This week’s ramblings begins with the reinforcement of what a truly awesome husband I am. Our tale begins in the run up to Valentine’s Day, and having abandoned my initial plan to buy my dear wife a ‘Poseidon Adventure’ DVD boxset (1, 2 and the abysmal remake) I found myself perusing the Valentine’s goodies in a well known supermarket.
It was then that I came across a bag of chocolates that bore the following message:
‘Be my Valentine, please’
Now, as a man who would even think of treating his wife to an increasingly unimpressive series of disaster films, I am in no position to comment on the romantic nature of this message. But as a copywriter, I felt I had to discuss its deep flaws.
In copywriting more than any other written form there is a need for urgency and assertiveness. Even for such a product as this Valentine’s confectionary there can be no justification for such meek and timid language.
It’s something that could be remedied simply by removing the ‘please’ from the message, but it really brought home one of the most elemental truths of copywriting. There is no time or room for niceties.
Copywriting is everywhere and the standard in the profession is, on the whole, incredibly high. In that climate, no writer can afford to sacrifice their own message by failing to be as bold, daring and original as possible.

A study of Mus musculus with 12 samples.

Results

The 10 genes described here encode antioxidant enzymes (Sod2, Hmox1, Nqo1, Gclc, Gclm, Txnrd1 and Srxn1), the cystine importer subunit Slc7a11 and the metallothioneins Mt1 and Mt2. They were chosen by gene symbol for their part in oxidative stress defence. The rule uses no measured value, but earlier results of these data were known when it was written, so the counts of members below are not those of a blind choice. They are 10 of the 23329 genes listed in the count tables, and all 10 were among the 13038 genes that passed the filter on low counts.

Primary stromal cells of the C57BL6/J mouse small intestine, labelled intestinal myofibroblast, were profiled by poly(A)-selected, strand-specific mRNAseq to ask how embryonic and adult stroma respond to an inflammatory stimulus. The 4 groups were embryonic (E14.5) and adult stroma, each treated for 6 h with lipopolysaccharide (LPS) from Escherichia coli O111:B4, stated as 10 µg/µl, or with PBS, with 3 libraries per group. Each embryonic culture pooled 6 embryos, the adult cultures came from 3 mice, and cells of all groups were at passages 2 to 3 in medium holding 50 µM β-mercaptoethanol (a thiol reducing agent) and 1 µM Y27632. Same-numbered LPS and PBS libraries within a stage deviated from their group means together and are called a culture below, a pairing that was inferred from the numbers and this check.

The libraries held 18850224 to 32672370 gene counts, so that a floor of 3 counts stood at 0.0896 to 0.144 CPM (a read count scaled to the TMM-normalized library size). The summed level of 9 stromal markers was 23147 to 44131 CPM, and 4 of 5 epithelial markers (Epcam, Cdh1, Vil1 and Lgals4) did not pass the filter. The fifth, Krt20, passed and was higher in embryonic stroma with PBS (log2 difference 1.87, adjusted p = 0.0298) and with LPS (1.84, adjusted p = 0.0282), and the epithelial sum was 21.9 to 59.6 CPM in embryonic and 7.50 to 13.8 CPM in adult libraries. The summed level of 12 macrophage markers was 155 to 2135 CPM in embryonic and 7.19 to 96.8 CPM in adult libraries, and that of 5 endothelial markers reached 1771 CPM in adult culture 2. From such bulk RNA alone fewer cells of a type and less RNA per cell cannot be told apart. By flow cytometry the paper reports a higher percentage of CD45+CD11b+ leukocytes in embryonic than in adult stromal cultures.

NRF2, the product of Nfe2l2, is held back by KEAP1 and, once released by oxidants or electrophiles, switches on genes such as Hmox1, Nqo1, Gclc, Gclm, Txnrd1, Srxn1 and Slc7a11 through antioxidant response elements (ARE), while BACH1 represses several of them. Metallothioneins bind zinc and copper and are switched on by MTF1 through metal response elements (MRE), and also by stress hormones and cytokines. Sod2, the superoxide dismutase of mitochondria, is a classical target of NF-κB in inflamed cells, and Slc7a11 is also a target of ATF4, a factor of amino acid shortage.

In my experience, such diffidence in the wording can often be born out of a client’s nervousness. I’ve been asked a surprising amount of times whether I think a message we are suggesting is perhaps ‘too much’.
And while it’s very easy for creatives to be critical of a client’s sensitivity, they have a huge amount invested in the success of the campaign and it’s understandable that this can manifest itself in an overly cautious approach.
And this observation isn’t even to say that every headline should be bellowing out its message at anyone within eye or earshot. A poorly considered piece of copywriting is just as ineffectual at any volume.
The boldness of copy I am talking about is one of conviction, purpose and imagination. Saying something unexpected or something challenging immediately puts a piece of marketing communication on a different spectrum to the rest, a level where attention is grabbed and curiosity is aroused. Although, as regular readers of the blog will know, this is by no means a call to Free the hyperbole Willy. As it were.
The chocolates that murmured something passive and uninspiring at me did not end up in my basket. The craft beer that essentially told me I was a big fanny if I didn’t buy at least four bottles did make it to the checkout.
It’s so obvious but, in what we do, words make all the difference. Now if I can just find the words to convince my wife that we should spend our Sunday afternoon watching ‘The Poseidon Adventure’ instead of ‘Labyrinth’ then I’ll be laughing.
Andrew Boulton is a copywriter at the Together Agency. He will definitely not be watching ‘The Poseidon Adventure’ this Sunday.